Human Development Collection
Library Subject Collection
subject description and guidelines
The library seeks to support research and instruction in Human Development which focuses on how people develop, cognitively and socially, through the life course. It examines development in the contexts of family, school, social class, culture and complex biological and ecological conditions. Faculty interests include aging and health; cognitive development; developmental behavioral neuroscience; group disparities in development; law, psychology and human development; and social and personality development.
The collection is primarily used by faculty, staff and students of the Department of Human Development. The collection is also used by students and faculty of the following departments and programs: Nutrition, Health Administration, Policy Analysis and Management, Development Sociology, Psychology, and Neurobiology and Behavior. The associated Graduate Field of Human Development encompasses all aspects of human development on Cornell's Ithaca campus.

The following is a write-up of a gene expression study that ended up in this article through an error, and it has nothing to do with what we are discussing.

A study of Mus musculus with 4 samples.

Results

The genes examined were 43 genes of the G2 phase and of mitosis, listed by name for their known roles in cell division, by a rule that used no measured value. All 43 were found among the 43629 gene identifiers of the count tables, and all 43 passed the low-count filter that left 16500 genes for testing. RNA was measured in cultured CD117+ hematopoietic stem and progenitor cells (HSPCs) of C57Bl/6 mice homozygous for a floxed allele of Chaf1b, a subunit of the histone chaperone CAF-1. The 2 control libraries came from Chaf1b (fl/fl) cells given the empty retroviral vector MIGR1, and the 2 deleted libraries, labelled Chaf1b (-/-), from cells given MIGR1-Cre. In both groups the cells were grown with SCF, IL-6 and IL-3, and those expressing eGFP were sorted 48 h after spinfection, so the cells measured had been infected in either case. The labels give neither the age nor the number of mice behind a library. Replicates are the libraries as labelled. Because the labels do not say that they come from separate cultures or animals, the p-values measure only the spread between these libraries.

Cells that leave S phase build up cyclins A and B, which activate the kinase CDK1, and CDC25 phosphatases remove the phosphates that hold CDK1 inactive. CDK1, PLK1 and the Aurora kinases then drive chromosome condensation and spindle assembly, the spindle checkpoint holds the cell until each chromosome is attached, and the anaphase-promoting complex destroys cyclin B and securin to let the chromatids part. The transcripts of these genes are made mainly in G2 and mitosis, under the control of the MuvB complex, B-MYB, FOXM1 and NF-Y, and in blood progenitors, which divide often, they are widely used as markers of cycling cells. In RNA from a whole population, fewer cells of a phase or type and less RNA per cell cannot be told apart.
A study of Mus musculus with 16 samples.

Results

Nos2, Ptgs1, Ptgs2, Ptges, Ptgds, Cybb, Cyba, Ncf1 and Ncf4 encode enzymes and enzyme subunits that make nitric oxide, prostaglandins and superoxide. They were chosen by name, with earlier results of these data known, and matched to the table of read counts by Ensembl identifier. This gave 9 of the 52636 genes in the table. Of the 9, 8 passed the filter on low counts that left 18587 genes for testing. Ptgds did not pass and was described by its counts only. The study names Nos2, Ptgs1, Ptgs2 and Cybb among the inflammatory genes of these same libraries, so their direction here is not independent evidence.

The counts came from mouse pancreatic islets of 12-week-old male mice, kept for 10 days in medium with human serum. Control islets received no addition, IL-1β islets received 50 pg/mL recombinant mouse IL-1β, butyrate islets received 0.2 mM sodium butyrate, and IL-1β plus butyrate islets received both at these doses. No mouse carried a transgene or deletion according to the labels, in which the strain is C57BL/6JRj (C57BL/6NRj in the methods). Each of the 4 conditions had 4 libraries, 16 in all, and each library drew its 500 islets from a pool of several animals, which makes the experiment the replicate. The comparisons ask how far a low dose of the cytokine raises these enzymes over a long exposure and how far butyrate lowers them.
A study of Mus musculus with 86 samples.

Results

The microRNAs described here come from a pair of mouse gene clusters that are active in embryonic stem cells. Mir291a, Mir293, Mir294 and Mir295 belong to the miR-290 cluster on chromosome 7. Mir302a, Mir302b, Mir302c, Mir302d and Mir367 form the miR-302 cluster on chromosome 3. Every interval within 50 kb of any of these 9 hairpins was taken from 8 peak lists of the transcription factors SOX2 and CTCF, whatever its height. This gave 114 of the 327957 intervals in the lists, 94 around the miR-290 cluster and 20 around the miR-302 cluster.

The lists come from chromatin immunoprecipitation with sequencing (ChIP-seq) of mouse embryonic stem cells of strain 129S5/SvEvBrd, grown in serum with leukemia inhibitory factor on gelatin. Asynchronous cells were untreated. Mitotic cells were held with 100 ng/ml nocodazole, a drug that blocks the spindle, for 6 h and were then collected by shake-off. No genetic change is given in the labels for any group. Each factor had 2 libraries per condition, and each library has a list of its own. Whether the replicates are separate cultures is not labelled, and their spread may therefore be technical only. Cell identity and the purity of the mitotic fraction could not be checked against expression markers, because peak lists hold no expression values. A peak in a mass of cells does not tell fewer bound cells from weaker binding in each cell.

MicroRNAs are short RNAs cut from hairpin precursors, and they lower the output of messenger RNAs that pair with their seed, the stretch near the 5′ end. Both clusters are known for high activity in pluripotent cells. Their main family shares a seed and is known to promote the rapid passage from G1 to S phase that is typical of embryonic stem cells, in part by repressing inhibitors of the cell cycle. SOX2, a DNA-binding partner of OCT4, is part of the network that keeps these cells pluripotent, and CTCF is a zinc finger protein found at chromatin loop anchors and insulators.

Overall, the collecting goals for Human Development are suitable for dissertation-level research and undergraduate, graduate and post-graduate education. The following topics are collected at this research level: infant Development, cognitive development, developmental psychology, early childhood education, social Interaction in children, child abuse and neglect, adolescent development, human growth and development--biological and behavioral, adult learning, adult development and aging, socialization and deviance across the life course, pathopsychology, family, family policy, work and the family, and history of the family.
The collecting scope is global, with greatest emphasis on the United States.
Current. Historical treatments of the following are of interest: childhood, adolescence, the family, and aging.
Family and marital therapy; child psychotherapy; elementary education. Collection of research materials should always take precedence over popular or self-help treatments. However, some summaries of research which are written at a popular level are useful.
Scholarly journals, trade monographs, textbooks and case studies. Access to these materials is typically provided through large, aggregated database subscriptions.